May the best meme win: On the origins of #OWS

So I am sure there will be many dissertations and journal articles written on the strategy and tactics behind #OWS and various #tahrir movements.  Interesting to me are the origin stories – how certain things actually get catalyzed – specially those that require distributed collective action. Today the New York Times has a nice story on how #OWS got started.  Particularly of note  is the role played by Adbusters magazine and foundation to actually catalyze the movement and create the meme around it:

On July 13, he (Mr. Lasn)  and his colleagues created a new hash tag on Twitter: #OCCUPYWALLSTREET. They made a poster showing a ballerina dancing on the back of the muscular sculptured bull near Wall Street in Manhattan.

For some people they were just words and images. For Mr. Lasn, they were tools to begin remodeling the “mental environment,” to create a new “meme,” the term coined by the evolutionary biologist Richard Dawkins for a kind of transcendent cultural message.

“There’s a number of ways to wage a meme war,” Mr. Lasn, whose name is pronounced KAL-luh LAS-en, said in an interview. “I believe that one of the most powerful things of all is aesthetics.”


Mr. Lasn has long believed that Wall Street and vast corporate wealth have sent the United States into what he calls “terminal decline.” But unlike many people involved in the protests, he also has specific goals he would like to see reached. He wants to see, among other things, “a Robin Hood tax” on all financial transactions, a restoration of the Glass-Steagall Act that erected barriers between banking and investing, a ban on certain types of high-frequency trading and the overturning of the Supreme Court ruling in the Citizens United case.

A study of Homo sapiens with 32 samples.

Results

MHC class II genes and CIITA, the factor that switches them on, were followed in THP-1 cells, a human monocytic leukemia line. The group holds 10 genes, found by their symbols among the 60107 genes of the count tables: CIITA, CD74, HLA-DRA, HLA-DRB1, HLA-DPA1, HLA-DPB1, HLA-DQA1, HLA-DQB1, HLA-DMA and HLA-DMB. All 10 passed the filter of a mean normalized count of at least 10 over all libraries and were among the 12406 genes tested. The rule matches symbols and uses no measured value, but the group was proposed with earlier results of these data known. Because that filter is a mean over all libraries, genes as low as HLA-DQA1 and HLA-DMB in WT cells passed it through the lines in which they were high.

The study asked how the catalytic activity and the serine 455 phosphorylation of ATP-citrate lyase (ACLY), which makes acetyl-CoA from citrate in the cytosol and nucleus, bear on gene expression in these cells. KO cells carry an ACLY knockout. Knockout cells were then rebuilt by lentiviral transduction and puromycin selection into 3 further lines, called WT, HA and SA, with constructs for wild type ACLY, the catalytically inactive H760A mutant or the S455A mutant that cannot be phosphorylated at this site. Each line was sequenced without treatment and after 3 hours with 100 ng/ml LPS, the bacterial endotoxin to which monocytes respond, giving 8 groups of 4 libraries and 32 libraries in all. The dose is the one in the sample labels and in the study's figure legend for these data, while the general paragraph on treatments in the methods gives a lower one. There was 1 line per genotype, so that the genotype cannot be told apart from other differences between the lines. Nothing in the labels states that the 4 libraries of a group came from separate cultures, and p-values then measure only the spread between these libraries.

Mr. Lasn said that he and Micah White, a senior editor who helped start Occupy Wall Street, are in regular contact with some prominent protesters but insists they have no interest in a continuing leadership role, nor is it their job to speak for the movement, even if Adbusters would like some credit for starting it.

“This is what Adbusters has done for the past 20 years, to come up with these memes and to propagate them,” he said. “That’s what it’s all about: may the best memes win.”

I really think the last statement is very interesting as it relates to the role of “meme” production in getting collective action going.  More generally, in this case, we have a more than 20 year old organization that is in the business of generating memes – one way or another – to get their message across.  All of a sudden – with the confluence of technology, proof from other foreign locales, and general economic conditions – this meme takes off – massively – to the point the people are getting arrested, hurt and pepper sprayed – for the sake  of the meme.

So a question to our dear readers – Was #OWS just bound to happen one way or another – with or without the help of Adbusters? Or was the meme generation capability important and necessary for this to work?

2 Comments on “May the best meme win: On the origins of #OWS”

  1. stevepostrel says:

    It ain’t a meme–it’s a focal point in a coordination game. There’s a decent-sized group of avocational/ideological protestors (remember all the WTO riots?) who only want to come out and raise hell if they know that other people will also come out. It’s only fun if there’s a large group that can get attention and create an exciting but safe atmosphere of lawlessness. Any trigger will do–a political convention, a trade meeting, or a synthetic protest stunt. Tellingly, the Adbuster founder opined that the OWS strategy of long-term occupation was ineffective–he wanted them to move on to new and clever attention-grabbers–but the protestors were enjoying their action too much to pull out voluntarily.

  2. Dafydd Harries says:

    Sure Occupy seems inevitable in hindsight, but before it happened it was not clear that there was a strong and broad enough sense of outrage to sustain organized protest. Would Occupy have happened if AdBusters hadn’t sparked it off? Impossible to say. My suspicion is that something would have happened eventually, but it might have taken on a very different form and character. Perhaps the more interesting question is: can we identify similar turning points in other social movements, where the right message at the right time turns dissatisfaction into action?